Beyond Salsa Piano is a history and anthology of the role of the piano in the Cuban rhythm section – from its first appearance to the present. In a broader sense, it’s a study of the tumbao – the art of creating music from layers of repeating rhythmic and melodic phrases. Whether these syncopated figures are called tumbaos, guajeos, montunos, riffs or vamps, this Afro-Cuban concept lies at the heart of nearly every popular music genre from salsa to rock , funk, R&B, hiphop and jazz.

While presented as a set of method books, the series doubles as a history course and record collecting guide for listeners, dancers, and players of instruments other than the piano.

Perhaps the most important goal of the series is to provide a comprehensive understanding of how tumbaos are constructed, their central role in the texture of Latin music of all eras, and the endless possibilities they provide for creative composing and arranging.


Artist:   Carlos Montoya

Style Released Album Tracks Charts
Flamenco 1955 14 0


© 1955 Smithsonian Folkways Recordings. All rights reserved.
Audio album download includes album tracks, liner notes and cover art.
All audio tracks in MP3-VBR format. About LPM album downloads.
# Name Play Time Info
01  Bulerias 2:16 Carlos was famous for these improvised pieces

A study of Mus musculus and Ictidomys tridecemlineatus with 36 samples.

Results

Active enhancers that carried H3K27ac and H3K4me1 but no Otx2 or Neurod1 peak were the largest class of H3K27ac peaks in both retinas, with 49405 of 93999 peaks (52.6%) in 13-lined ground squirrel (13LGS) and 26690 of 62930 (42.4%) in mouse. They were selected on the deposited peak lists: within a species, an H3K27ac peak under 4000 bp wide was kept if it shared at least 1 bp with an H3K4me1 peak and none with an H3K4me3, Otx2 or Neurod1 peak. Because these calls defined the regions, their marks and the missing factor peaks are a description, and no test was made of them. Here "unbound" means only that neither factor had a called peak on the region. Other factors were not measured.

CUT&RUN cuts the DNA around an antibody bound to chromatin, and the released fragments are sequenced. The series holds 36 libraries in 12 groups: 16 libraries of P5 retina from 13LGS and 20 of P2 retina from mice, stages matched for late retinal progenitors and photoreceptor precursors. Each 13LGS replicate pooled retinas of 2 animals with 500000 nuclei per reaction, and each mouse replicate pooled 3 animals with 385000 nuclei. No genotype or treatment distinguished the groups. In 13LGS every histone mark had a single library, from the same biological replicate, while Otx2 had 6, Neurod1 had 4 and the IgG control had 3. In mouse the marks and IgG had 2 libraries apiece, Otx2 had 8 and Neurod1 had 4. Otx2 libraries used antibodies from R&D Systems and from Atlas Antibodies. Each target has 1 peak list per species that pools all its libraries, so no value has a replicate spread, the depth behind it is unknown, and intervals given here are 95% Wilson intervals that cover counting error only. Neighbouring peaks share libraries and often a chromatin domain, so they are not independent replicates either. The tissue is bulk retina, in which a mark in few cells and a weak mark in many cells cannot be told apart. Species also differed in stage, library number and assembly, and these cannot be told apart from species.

02  Rondena 4:00 uses the gypsy tone scale
03  Jota 4:08 rough and lusty fireworks
04  Fandanguillo 4:38 popular song from Andalucia
05  Guajiras 3:57 a Cuban style with added flamenco touches
06  Zambra 4:10 Moorish melodies for dancing duels
07  Seguiriya 2:44 the most sacred of flamenco music
08  Saeta 4:01 the story of the Holy Week procession in Sevilla
09  Petenera 3:59 a characteristically tragic flamenco song
10  Tanguillo Rumbeao 3:36 Andalusian gypsy style
11  Cante Minero 5:21 from the mining region of Linares
12  Variaciones por Tango 3:54 and early version of the Tango Flamenco
13  Granada 4:37 no dance rhythm, length of the phrases governed by singer
14  Regiones de Espana 4:21 is a Spanish medley
Carlos Montoya has a legendary name in flamenco: his uncle Ramon was regarded as the foremost flamenco guitarist of his generation. Yet this namesake was a handicap early in the younger Montoya's career, one which he overcame. Performing "real" Andalusian flamenco on solo guitar, some of these gypsy tunes originated in the regions of Aragon and Linares while others reflect Moorish or even Cuban influence; some take on dance forms like the rumba or tango. Montoya performs passionately and persuasively.

Amazing technique, burning guitar riffs, passionate phrases and runs, heartfelt melodies -these are the features of this great solo classical flamenco guitar album. There is also some very interesting percussive interplay between the strings and the guitar body.